Revelations that the Treasury spent Sh23 billion without the approval of Parliament, just two months into the new financial year, tell a lot about the government’s spending attitude.
Oddly, the expenditure was not on unforeseen bills as it included salaries, building of a military research hospital, disbursement to schools, and an undisclosed Telkom Kenya payment that ought to have been in the budget.
The Treasury has been habitually abusing the supplementary budget appropriation law, which allows it to withdraw funds from the Consolidated Fund without the approval of MPs and then table a mini-budget two months after.
The Constitution limits the expenditure to 10 percent of the appropriated sums. The new administration of President William Ruto has complained that it inherited a broke government with no cash at the Treasury.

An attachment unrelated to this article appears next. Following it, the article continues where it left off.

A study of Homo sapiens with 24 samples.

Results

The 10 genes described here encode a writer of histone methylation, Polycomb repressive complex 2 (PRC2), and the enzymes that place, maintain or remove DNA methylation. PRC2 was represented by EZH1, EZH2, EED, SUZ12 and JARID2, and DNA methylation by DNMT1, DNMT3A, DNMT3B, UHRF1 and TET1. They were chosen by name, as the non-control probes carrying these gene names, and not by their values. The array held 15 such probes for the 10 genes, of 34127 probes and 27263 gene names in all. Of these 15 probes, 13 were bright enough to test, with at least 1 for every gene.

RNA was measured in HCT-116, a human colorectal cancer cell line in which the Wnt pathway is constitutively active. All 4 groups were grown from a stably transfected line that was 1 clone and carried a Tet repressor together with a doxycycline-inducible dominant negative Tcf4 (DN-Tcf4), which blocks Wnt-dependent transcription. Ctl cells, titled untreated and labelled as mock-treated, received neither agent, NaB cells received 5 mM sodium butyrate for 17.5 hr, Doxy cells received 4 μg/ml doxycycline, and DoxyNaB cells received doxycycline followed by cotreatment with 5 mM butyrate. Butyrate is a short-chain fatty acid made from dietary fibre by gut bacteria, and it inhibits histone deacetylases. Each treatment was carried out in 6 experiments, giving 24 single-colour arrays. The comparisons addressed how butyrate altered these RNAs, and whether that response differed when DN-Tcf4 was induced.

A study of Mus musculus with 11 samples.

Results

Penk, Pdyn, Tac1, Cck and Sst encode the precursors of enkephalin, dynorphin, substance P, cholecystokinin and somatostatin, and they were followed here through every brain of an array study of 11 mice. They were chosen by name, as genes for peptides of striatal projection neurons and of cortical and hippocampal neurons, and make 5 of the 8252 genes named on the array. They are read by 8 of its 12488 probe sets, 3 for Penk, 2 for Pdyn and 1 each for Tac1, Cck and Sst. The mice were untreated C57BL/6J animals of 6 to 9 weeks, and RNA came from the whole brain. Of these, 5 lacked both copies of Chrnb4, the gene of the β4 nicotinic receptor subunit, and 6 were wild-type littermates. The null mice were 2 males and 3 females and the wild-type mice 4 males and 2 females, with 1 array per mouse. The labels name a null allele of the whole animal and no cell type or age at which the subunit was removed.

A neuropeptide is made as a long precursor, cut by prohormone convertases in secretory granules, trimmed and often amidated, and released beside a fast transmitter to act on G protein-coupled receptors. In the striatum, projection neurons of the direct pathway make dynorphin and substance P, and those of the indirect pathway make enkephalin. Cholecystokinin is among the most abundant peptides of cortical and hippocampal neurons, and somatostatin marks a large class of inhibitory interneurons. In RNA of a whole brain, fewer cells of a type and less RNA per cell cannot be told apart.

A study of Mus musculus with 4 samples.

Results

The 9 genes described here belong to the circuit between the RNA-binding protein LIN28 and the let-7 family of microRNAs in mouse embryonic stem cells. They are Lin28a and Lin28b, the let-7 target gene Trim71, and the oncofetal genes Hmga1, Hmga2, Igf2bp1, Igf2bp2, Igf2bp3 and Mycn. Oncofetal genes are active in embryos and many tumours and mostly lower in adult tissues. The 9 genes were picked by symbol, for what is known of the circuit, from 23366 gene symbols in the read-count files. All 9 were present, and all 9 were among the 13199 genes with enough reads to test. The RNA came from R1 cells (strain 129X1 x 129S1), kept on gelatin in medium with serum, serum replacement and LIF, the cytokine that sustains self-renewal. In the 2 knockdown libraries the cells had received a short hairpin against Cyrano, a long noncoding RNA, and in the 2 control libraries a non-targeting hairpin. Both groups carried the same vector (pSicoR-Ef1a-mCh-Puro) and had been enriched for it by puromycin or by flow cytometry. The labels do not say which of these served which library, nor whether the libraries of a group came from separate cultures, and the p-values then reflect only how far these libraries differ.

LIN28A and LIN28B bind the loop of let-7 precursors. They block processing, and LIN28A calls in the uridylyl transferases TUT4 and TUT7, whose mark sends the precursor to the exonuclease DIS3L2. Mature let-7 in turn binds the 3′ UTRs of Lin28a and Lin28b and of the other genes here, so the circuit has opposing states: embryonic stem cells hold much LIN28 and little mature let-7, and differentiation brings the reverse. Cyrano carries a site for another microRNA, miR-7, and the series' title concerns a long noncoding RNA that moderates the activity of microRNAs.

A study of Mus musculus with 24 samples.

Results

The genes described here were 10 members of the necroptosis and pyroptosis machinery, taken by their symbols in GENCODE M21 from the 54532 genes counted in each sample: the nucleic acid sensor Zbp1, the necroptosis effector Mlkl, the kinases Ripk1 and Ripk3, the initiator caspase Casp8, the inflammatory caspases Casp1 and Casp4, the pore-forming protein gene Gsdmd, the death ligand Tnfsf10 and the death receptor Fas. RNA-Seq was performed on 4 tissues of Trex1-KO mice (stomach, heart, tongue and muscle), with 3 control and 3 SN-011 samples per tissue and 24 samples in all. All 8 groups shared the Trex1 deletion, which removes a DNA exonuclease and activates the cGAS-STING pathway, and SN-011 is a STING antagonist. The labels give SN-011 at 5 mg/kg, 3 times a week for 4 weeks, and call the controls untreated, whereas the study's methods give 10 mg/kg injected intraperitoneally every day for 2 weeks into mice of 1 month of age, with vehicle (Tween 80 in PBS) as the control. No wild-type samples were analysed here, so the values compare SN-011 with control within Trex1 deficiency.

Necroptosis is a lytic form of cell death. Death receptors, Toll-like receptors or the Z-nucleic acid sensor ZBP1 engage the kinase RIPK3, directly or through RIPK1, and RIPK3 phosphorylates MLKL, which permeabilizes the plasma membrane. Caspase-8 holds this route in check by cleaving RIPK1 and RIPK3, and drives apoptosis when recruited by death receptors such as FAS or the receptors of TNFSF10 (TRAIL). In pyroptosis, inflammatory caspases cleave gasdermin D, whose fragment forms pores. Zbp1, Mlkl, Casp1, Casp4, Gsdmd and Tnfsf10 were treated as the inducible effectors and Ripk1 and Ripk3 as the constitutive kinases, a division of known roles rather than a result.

It begs the question, why do we have a national budget each year if the Treasury doesn't seem to adhere to it? Is there a problem with the budget-making process that prompts recurrent supplementary budgets? Why has it not been addressed?
Parliament has also been too permissive, agreeing to rubberstamp the expenditures. And even when they reject some budget items, they are often not followed by appropriate action.
While MPs do cry foul of being made rubberstamps, that is not enough. They can come up with legislation to limit Treasury’s leeway by forcing it to seek approvals before disbursing the money.
We expect the 13th Parliament to do exactly that to help the government tame its spending appetite.